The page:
A world turned upside down for so many

Published 6:05 pm Thursday, September 8, 2005

By Staff
Simple things we take for granted every day, like being able to get a drink of water when we are thirsty or having a bed to sleep in have been washed away for so many people due to the hurricane Katrina.
I remember once my parents and I were in WaWa, Canada and there weren't any rooms in the inn, or any motels in the area.
My dad couldn't drive any more and a family took us in and fed us and gave us beds for the night.
As young as I was that gift of kindness at a time of need has stuck with me all these years.
Now around me I see those as far away as Michigan reaching out to the families left homeless by the destruction in the south from the hurricane.
That community spirit that we are all one I hope will make our country better after this tragedy is past.
We heard about looting and snipers. Still, for the most part it was just a few who turned to violence. Those people will be with us always, taking advantage and having no sense of right or wrong.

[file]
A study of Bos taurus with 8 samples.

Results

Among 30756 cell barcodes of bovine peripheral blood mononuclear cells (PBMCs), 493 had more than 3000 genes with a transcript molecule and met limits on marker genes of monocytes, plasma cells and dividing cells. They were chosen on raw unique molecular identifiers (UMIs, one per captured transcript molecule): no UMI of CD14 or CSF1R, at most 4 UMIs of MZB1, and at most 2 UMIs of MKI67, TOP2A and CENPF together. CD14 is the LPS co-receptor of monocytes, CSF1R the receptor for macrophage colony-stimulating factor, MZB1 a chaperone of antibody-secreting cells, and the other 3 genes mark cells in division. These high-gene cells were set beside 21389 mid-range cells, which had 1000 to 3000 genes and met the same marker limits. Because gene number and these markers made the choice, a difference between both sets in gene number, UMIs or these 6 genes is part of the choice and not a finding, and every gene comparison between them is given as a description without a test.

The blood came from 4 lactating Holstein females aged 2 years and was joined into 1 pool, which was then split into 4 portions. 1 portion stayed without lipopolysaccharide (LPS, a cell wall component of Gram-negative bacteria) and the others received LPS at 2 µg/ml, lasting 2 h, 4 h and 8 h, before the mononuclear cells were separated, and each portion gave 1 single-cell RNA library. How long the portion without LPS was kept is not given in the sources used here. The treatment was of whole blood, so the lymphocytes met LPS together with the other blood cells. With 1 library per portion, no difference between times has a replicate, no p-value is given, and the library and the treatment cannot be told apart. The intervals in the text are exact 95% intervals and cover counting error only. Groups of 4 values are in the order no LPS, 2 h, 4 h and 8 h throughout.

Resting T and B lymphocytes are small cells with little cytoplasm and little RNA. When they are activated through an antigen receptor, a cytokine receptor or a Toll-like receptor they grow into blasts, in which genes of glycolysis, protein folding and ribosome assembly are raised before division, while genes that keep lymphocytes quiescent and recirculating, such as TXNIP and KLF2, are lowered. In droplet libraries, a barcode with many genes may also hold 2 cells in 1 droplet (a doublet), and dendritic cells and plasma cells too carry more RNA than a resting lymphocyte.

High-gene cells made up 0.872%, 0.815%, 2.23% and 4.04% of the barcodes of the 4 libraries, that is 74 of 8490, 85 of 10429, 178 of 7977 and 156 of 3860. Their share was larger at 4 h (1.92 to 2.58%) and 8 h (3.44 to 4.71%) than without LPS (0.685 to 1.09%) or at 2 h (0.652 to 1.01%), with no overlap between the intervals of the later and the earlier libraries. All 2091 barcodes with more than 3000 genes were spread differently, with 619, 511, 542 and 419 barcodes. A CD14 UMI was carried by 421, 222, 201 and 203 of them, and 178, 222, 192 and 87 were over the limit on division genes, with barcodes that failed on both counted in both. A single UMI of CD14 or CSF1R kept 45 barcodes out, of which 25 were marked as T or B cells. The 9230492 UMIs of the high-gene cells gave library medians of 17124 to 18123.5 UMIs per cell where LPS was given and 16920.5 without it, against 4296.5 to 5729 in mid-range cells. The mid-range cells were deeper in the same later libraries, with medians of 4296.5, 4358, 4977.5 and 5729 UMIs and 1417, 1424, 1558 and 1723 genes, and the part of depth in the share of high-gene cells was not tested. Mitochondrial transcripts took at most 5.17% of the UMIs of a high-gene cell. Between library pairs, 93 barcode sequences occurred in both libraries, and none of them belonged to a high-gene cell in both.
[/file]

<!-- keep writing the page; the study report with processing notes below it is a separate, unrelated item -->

The pictures on the television are hard to continue to watch. Just the thought of the conditions which these people were in, and continue to be in, are enough to make anyone sick.
I can't even imagine the smells at the shelters, at the dome or in the streets of New Orleans.
I heard an interview of a young policeman who was rescuing people who had not listened when told to evacuate.
Some still refused to leave their meager possessions and damaged homes. "You will die," he told them, from the toxic waters surrounding their homes. Still the people refused to leave. The unknown was more terrible than the state of no water and food in which they were presently in.
Still the young policeman was tolerant of the old man, and of his two fellow officers who shot themselves from the stress, and also the many who put down their badges and walked off the New Orleans force.
The gentle acceptance of their decisions surprised me and also taught me a lesson. We are not the ones to judge.
Who knows if we would have listened to the authorities and left everything. Maybe we also would have thought it won't be so bad.
From our armchairs it is easy to say "what fools." Why can't they drop supplies, or how did all this happen?
Maybe we should be more tolerant of all those involved. One day it may be us who are judged.